Allowing a partial government shutdown over border-wall funding would be a grave mistake, RealClearPolitics associate editor A.B. Stoddard argued on the Fox News “Special Report” All-Star Panel Thursday.
Congress faces a Friday-at-midnight deadline to pass a spending package, but the parties remain at odds after the House passed a measure containing $5.7 billion for a border wall – something Senate Democrats say they won’t support.
Stoddard, along with Washington Examiner chief political correspondent Byron York and Washington Free Beacon editor in chief Matthew Continetti, weighed in on the budget battle on Fox News Thursday evening.
When asked about the logistics of how the Congress might pass a budget through both chambers that includes border funding, Stoddard offered a grim forecast -- since Vice President Pence already told senators that they could “go home” after the chamber on Wednesday approved an earlier stopgap measure that did not include the wall funding.
“A congressman, who is close to leadership and knows what’s going on, told me … that they don’t know what’s going on, they weren’t certain that they’d have the votes, and they were hoping that even if it failed, the president would come to his senses. There wasn’t a Senate plan, there was a ‘President Trump comes to his senses’ plan,” Stoddard said. “I think the nation’s fourth-graders know this is no way to run a lemonade stand. This is completely irresponsible. The markets are rattling on the prospect of a shutdown that’s turning on Ann Coulter’s tweets.”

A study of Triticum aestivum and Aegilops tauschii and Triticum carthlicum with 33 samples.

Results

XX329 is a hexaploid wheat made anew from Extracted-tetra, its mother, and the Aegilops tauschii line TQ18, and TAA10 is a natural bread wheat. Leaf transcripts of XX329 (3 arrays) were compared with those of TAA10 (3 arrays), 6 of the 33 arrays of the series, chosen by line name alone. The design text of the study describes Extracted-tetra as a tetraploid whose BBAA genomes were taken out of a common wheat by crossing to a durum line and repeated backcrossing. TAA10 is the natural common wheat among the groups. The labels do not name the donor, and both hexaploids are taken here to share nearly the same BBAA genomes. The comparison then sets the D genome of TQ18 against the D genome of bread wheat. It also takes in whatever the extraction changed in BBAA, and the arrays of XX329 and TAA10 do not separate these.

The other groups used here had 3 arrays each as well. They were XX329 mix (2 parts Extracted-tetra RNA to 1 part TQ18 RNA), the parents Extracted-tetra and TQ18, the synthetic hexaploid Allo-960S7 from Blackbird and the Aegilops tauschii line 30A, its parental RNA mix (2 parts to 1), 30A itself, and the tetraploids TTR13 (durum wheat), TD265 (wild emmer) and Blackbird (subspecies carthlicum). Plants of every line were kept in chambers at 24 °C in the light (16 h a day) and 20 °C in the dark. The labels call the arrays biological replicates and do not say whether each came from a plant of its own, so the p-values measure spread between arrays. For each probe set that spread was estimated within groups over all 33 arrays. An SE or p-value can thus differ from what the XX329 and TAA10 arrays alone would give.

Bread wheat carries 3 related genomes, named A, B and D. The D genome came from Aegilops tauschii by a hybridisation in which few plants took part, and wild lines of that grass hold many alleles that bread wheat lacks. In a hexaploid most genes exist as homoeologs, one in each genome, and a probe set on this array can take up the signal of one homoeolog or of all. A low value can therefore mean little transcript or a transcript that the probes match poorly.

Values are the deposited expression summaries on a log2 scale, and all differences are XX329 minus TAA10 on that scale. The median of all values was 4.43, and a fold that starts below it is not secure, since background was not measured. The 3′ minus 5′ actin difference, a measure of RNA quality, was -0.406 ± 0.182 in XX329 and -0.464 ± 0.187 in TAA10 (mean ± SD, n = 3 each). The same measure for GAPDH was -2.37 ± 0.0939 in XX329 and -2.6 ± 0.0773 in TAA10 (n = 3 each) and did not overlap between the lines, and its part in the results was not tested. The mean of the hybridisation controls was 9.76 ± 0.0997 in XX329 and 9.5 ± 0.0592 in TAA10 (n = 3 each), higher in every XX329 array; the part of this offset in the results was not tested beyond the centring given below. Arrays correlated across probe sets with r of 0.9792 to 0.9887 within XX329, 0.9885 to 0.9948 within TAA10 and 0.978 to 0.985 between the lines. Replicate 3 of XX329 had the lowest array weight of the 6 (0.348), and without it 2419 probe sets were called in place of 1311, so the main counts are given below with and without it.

Coulter was among the conservatives who urged Trump to fight for border-wall funding.
Stoddard alleged that prominent House Republicans like Rep. Mark Meadows R-N.C., and Rep. Jim Jordan, R-Ohio – who also urged Trump to fight – are guilty of “political malpractice.”
York noted that there were many stories that Trump was “caving” amid the outcry from prominent conservatives like Rush Limbaugh and Coulter. He also told the panel that House Republicans were “affected” by Nancy Pelosi and Chuck Schumer’s predictions that Trump didn’t have the votes in the House for a budget that included funding for the border wall.
House Republicans proved Thursday night they did have the votes.
Meanwhile, Continetti told the panel that congressional Democrats seemed “more emboldened” in this budget battle since the heated exchange last week at the White House between Trump, Pelosi, and Schumer.
“This has put President Trump in a very precarious political position because on the one hand, both the shutdown and the wall are unpopular with the public at large -- but when it comes to his conservative base, if Trump fails to secure money for the wall and during this, which may be his last opportunity, that means the base might rebel,” Continetti said.